An Ancient Megacity – Siem Reap 2017 pt. 1

Greetings from Hanoi. It’s a lovely day here, a nice cool eighty-two degrees. Perfect for, say, a stroll along a tree-lined boulevard next to the lake.


We arrived here yesterday on a late flight from Siem Reap, Cambodia. Siem Reap is next to the Angkor complex containing among other things Angkor Wat. Angkor was the seat of the once-mighty Khmer empire, and a thousand years ago was home to a million people. Nowadays it’s known for the temple at Angkor Wat, which is a UNESCO world heritage site and the largest religious monument on the planet. Originally a Hindu temple, as well as the mausoleum of the king who oversaw its construction, it gradually turned into a Buddhist temple as the Khmer people began to favor Buddhism themselves.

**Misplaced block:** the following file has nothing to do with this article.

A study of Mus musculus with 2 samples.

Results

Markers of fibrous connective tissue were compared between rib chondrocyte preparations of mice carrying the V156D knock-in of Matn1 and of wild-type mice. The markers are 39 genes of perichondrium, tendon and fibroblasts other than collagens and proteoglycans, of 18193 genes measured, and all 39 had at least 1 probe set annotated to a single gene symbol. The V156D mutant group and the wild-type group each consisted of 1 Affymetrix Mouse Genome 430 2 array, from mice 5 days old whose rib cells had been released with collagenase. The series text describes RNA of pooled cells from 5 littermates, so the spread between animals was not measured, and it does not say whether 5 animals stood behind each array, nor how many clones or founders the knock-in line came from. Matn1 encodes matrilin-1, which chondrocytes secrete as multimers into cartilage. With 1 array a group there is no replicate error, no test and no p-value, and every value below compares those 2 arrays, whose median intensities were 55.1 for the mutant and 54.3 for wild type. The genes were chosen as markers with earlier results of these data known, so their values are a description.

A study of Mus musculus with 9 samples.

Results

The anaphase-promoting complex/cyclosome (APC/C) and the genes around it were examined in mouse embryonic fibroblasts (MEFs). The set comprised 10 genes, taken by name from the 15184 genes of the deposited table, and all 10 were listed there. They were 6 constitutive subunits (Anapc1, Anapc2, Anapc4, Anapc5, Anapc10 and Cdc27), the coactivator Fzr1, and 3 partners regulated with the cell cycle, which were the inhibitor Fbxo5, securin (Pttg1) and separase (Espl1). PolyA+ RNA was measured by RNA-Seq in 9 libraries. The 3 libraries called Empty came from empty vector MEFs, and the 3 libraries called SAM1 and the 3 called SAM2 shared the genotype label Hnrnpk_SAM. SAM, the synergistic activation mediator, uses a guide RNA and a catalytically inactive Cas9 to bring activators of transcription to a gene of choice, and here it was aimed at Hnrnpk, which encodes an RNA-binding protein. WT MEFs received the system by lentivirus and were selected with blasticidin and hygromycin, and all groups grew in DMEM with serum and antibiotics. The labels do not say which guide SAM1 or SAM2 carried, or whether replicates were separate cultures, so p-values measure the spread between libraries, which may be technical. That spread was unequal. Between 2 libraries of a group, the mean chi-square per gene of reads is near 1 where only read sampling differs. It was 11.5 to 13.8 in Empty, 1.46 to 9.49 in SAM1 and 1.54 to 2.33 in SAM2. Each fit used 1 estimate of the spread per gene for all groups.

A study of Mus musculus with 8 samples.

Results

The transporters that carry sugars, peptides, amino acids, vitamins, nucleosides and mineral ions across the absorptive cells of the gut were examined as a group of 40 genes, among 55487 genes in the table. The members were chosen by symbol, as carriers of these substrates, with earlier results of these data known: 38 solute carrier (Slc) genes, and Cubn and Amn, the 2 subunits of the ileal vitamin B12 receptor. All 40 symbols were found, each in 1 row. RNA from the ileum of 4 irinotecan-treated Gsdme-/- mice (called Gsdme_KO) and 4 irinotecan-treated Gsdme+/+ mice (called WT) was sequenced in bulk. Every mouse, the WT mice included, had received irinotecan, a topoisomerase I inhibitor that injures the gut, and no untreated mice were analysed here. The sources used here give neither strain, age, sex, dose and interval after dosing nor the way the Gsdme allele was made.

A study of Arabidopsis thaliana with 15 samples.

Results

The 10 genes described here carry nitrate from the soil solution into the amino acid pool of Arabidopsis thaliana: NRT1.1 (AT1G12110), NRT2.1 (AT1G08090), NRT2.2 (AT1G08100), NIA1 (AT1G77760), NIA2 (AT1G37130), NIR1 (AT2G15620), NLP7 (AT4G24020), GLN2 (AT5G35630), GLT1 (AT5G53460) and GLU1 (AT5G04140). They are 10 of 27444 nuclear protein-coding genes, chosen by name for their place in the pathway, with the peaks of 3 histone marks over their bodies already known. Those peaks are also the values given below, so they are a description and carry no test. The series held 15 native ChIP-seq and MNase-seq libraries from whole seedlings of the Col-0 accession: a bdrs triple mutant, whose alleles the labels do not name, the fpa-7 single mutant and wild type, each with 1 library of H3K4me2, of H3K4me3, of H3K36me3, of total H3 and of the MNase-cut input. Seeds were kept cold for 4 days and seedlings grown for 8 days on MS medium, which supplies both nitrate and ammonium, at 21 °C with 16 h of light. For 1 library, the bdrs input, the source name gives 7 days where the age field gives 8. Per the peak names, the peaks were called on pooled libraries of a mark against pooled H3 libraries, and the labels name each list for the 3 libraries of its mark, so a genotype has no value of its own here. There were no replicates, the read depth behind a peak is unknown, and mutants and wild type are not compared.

And of course it’s really amazing.


Angkor Wat


 

The site is known for its extensive use of bas relief, including one piece that goes all the way around the main complex.


Once inside, there’s a middle courtyard surrounded with more bas reliefs, many broken statues of monks, and so much more.


The four corner towers and central main towers of the inner courtyard represent mountains, and the central one specifically represents the holy Mount Meru.


On one of the bas reliefs, I found this guy, who I really like.IMG_0973


Angkor Thom

We also saw, among other things, Angkor Thom, which was one of the capitals of the Khmer kingdom, housing the royal family, several hospitals, and a confluence of waterworks. It was done in a different style than Angkor Wat. I almost like it better, but then again, I’m a sucker for giant heads.


Anywho, great stuff. I found the bas reliefs here to be more engaging than at Angkor Wat, reflecting a more humanistic and energetic style.


The actual physical depth of the carvings did a lot for me too.